The federal Office of the Medical Inspector has demanded changes from the Roseburg Veterans Affairs Medical Center, including removing some managers, a summary report reveals.
The report follows an investigation into alleged whistle-blower retaliation and clinical concerns at the Roseburg VA. The investigation was requested by U.S. Rep. Peter DeFazio, D-Springfield, who said he had been contacted by hundreds of current and former employees alleging problems with VA management.
A brief, two-page summary of the Blue Cover Report, dated Wednesday, and received by The News-Review Thursday, said investigators looked into seven allegations and substantiated six of them.
Investigators visited the Roseburg VA, and the Eugene VA clinic which it runs, in October, November and December. They interviewed 131 present and former employees, according to the report summary. The report said investigators found Roseburg VA senior leadership had created an environment of intimidation, an apparent confirmation of multiple anecdotal reports of bullying and whistle-blower retaliation. Chief of Surgery Dinesh Ranjan, who had been the focus of some allegations of bullying and retaliation, stepped down about a month ago, followed shortly afterward by Director Doug Paxton.
Other substantiated allegations listed in the report involved radiology practices that impacted timely and accurate results; inadequate supplies and resources identified by nursing staff; mismanaged cardiology consultations; “suboptimal utilization” of Eugene operating rooms; and clinical and leadership concerns in the acute psychiatric unit. The items are presented in list form, without details.
A complaint about access to primary care was said to be partially substantiated, while a claim that a surgeon had been improperly terminated was not substantiated. The surgeon was not named.
The OMI made 22 recommendations for changes at the Roseburg VA, and said the facility leadership must develop action plans to meet those recommendations. The OMI will monitor the VA until all the action items are completed, the report said. It also issued recommendations to the regional network that oversees Roseburg.
Among the OMI’s recommendations is that three associate chiefs of staff be removed from supervisory responsibilities, and that the chief of mental health nursing be removed from supervisory duties. The report also calls on the regional network, VISN 20, to “investigate the Chief of Staff concerning actions related to the hostile work environment,” and to “provide immediate support for the replacement of three Associate Chiefs of Staff.”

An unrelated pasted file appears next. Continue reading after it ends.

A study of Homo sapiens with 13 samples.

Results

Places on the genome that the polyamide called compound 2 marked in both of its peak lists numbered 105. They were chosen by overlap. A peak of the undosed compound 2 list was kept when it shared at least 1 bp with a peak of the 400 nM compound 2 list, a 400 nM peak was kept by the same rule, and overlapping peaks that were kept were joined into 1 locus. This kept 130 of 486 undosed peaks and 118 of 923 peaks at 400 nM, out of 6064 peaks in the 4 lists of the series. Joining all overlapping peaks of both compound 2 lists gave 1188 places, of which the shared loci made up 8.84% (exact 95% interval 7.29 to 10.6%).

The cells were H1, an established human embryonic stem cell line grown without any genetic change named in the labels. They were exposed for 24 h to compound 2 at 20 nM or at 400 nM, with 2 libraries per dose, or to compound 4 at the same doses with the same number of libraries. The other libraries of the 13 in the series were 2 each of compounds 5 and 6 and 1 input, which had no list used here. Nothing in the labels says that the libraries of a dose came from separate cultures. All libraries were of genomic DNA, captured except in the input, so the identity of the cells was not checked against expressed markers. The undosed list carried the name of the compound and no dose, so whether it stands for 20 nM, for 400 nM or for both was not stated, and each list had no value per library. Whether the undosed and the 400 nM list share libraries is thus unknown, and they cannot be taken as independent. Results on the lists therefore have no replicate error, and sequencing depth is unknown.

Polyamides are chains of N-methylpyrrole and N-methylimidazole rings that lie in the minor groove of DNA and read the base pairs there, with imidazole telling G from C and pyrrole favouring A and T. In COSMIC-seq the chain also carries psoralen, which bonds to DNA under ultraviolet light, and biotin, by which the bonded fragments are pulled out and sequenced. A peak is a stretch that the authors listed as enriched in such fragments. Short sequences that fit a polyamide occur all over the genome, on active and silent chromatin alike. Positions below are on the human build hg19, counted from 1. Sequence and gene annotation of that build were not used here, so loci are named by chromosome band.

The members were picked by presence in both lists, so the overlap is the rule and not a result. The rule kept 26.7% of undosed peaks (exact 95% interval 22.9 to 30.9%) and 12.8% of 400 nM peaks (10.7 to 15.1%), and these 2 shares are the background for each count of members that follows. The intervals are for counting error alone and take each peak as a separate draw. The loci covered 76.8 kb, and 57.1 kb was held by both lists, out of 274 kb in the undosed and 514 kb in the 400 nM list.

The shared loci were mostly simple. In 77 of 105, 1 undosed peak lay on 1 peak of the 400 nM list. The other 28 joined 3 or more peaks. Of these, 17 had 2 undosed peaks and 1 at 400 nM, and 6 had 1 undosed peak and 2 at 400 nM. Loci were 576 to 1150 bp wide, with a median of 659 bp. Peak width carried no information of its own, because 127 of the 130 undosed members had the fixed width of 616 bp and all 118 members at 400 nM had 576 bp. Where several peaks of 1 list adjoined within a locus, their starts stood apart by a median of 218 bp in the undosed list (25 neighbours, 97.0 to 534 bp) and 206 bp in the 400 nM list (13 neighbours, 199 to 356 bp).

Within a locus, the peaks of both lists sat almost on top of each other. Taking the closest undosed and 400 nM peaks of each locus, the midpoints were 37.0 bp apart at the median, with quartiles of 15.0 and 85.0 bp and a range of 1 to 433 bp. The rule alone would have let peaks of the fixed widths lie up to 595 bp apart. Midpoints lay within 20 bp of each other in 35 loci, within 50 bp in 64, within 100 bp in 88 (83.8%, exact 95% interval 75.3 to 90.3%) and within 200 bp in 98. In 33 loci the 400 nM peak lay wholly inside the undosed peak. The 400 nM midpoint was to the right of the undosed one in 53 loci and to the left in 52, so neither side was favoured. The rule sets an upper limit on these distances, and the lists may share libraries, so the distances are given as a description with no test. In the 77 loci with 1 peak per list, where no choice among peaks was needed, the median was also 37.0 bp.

It calls for the Roseburg VA to perform a root cause analysis study into the death of a veteran who was diagnosed with frostbite. Another root cause analysis is called for on a case identified only as having been “described in the Report.”
A number of recommendations involve radiology. Some of those include refining standard operating procedures, standardizing methods to communicate clinically significant findings, and following national practice standards.
It also calls for assigning an experienced clinician to oversee the psychiatric unit and for evaluating after-hours coverage by a telepsychiatrist.
DeFazio issued a written statement Thursday afternoon, in which he said the OMI recommendations will lead to significant improvements, not only at the Roseburg VA, but at VA hospitals around the country.
“I’m pleased to see that the VA has substantiated the numerous claims employees, patients and former staff have raised with my office,” DeFazio said. “The recommendations laid out in the summary are only the beginning, though — I will continue to work with stakeholders on the local, regional and national levels to ensure these recommendations are implemented and Oregon’s veterans and veterans nationwide get the care they deserve.”
DeFazio said the VA has “suffered from years of mismanagement,” and it’s “long past due that the VA implements lasting, meaningful change.”
VA Interim Director Dave Whitmer said the VA appreciates the OMI’s review.
“While OMI found a number of opportunities for improvement, we welcome the scrutiny and consider this an opportunity to redouble our efforts to serve Veterans,” he said in a written statement. “The Roseburg VA Health Care System is under new leadership and on a new path, and we look forward to working with Veterans, community stakeholders and local and national VA leaders in order to complete all of OMI’s recommendations.”
Susan Neeley May, who had alleged Ranjan bullied her while she worked as a VA clerk, said when she visited the VA a week and a half ago she saw a marked change in the employees’ morale.
“The atmosphere at the VA is completely different,” she said. “Employees are happier, they’re more relaxed, everybody was coming up and saying thank you for helping in this fight. And everybody’s really hopeful that the atmosphere is actually going to change.”
Douglas County Veterans Forum President Larry Hill reviewed a copy of the report summary and said he found it evenhanded.
“I’m satisfied with this report. That’s my personal opinion. I’m not speaking for the organization on this, but I’m pretty satisfied with it,” Hill said.
A full report from the OMI is expected in the near future. The VA Office of Accountability and Whistleblower Protection also sent investigators to the Roseburg VA, and is expected to produce a separate report.
The OMI called for the chief of mental health nursing to be removed from supervisory responsibilities, following an investigation by the Office of Medical Inspector. The title used in the OMI report, which we previously used in this story, appears to have caused confusion about which position was involved.